The location of the Philippines in the Pacific has always made the country vulnerable to strong typhoons. About 20 typhoons pass through the Philippine Area of Responsibility annually, about 8-to-9 of which make landfall. However, over the past years, climate change has brought more violent storms to the country, causing severe damage to lives and properties.
While resilient infrastructure and disaster preparedness are important during severe weather conditions, nature-based solutions such as rainforestation and watershed conservation also play a vital role in mitigating the adverse effects of these natural phenomena.
The Philippines continues to experience the rapid decrease of its primary rainforests from 70% forest cover in the 1990s to only less than 1.8% to date. This rate of environmental degradation contributes negatively to global climate change and local water and food shortages, affects the country’s pristine natural habitats, and endangers the lives of the local communities, especially those in vulnerable lowland areas that serve as catch basins.
It’s a good thing that Globe Telecom believes in the importance of promoting environmental sustainability in order to protect these ecosystems to combat climate change. So far, Globe and its customers have raised PhP 14.8 million equivalent to 148 hectares of reforestation sites in several areas in Bukidnon and Lanao del Sur as part of Globe’s partnership
with Hineleban Foundation, Inc., a non-stock, non-profit organization based in Manolo Fortich, Bukidnon.
Aside from enhancing critical watersheds in order to achieve water and food security, these efforts also help increase biodiversity, establish forest habitats, sequester greenhouse gases and improve livelihoods of local communities.
“Rainforestation efforts in the Philippines are of importance as they aid in protecting and enhancing critical watersheds that provide water to downstream communities. Rainforestation has major benefits that can be observed from ridge to reef, such as the mitigation of landslides and floods, the creation of microclimates, and the protection of wildlife habitats,” said James Tuason, Hineleban Foundation Head of Reforestation.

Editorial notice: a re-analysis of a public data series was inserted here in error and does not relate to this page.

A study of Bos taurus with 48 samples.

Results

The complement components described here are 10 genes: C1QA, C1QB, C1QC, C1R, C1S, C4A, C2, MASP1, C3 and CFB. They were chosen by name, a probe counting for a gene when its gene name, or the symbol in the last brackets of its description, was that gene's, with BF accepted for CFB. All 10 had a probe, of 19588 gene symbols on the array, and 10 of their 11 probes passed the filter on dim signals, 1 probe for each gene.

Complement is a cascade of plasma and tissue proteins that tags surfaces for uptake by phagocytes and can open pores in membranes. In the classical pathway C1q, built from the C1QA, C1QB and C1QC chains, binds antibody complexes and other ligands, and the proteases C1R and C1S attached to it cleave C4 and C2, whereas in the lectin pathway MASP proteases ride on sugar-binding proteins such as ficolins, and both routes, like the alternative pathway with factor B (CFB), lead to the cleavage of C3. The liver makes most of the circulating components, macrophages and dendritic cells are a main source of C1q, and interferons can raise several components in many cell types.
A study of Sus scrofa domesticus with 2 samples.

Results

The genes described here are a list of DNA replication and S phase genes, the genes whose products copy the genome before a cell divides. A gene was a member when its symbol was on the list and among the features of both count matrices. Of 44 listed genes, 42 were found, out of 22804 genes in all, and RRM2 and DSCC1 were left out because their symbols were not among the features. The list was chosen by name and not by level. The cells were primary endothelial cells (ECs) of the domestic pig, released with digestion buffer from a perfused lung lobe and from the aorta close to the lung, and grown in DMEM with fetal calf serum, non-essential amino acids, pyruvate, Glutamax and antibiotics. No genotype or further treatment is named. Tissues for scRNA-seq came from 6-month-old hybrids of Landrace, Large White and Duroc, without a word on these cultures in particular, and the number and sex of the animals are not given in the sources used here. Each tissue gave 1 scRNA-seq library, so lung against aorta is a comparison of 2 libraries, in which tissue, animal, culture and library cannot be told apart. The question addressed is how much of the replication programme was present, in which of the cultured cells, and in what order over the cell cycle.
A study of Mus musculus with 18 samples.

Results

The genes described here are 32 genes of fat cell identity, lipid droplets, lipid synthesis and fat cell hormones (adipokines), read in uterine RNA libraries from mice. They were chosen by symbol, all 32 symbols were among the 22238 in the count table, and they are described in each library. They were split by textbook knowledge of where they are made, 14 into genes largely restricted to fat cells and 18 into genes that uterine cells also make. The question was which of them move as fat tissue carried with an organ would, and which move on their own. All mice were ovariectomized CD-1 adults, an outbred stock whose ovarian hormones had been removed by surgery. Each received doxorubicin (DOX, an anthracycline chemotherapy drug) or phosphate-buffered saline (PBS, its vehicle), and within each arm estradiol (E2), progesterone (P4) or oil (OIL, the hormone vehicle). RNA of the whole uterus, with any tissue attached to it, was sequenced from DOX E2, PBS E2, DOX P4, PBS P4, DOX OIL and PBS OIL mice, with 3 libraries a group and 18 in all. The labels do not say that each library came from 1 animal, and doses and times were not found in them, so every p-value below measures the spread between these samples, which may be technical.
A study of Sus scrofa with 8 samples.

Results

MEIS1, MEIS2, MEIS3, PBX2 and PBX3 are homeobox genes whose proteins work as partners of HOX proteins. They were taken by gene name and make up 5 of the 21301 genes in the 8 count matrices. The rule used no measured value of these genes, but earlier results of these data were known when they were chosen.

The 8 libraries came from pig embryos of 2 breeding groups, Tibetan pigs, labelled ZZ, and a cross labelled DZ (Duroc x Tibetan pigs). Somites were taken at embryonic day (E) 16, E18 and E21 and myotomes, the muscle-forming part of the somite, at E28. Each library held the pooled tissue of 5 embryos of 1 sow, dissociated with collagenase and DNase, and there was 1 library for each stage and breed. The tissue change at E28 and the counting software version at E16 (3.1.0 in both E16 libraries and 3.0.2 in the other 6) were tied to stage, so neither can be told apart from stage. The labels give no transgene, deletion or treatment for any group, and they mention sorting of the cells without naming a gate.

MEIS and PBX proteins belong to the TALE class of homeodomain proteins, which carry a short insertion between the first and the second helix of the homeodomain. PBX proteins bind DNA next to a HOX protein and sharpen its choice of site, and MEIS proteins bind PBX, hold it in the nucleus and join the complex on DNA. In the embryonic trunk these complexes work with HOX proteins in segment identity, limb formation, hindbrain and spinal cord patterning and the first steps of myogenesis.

Primary rainforests play an important role in regulating oxygen and carbon cycles. Since the beginning of the partnership between Globe and Hineleban in 2016 until the end of 2019, a conservative estimate of 16,411.67 metric tons of carbon dioxide (CO2) have been sequestered
or captured by the trees planted. Hineleban estimates the total amount to reach at least 94,000 metric tons CO2 by 2025. This is equivalent to the electricity use of 15,926 homes for one year, 20,323 passenger vehicles driven for one year, or around 12 billion smartphones charged.
Globe customers who want to be part of the rainforestation advocacy may donate their Globe Rewards points to Hineleban Foundation. Every 100 Rewards points donation is equivalent to one tree.
To donate, just download the Globe Rewards app on your mobile device and click on the “DONATE” banner. Tap “HINELEBAN100” and press “REDEEM.”
To learn more about Hineleban Foundation and to find out how you can help their advocacy, visit the Hineleban site. The foundation also sells products such as quality Hineleban adlai (rice), turmeric, Hineleban coffee, yacon syrup and more. Visit the Hineleban Farms store.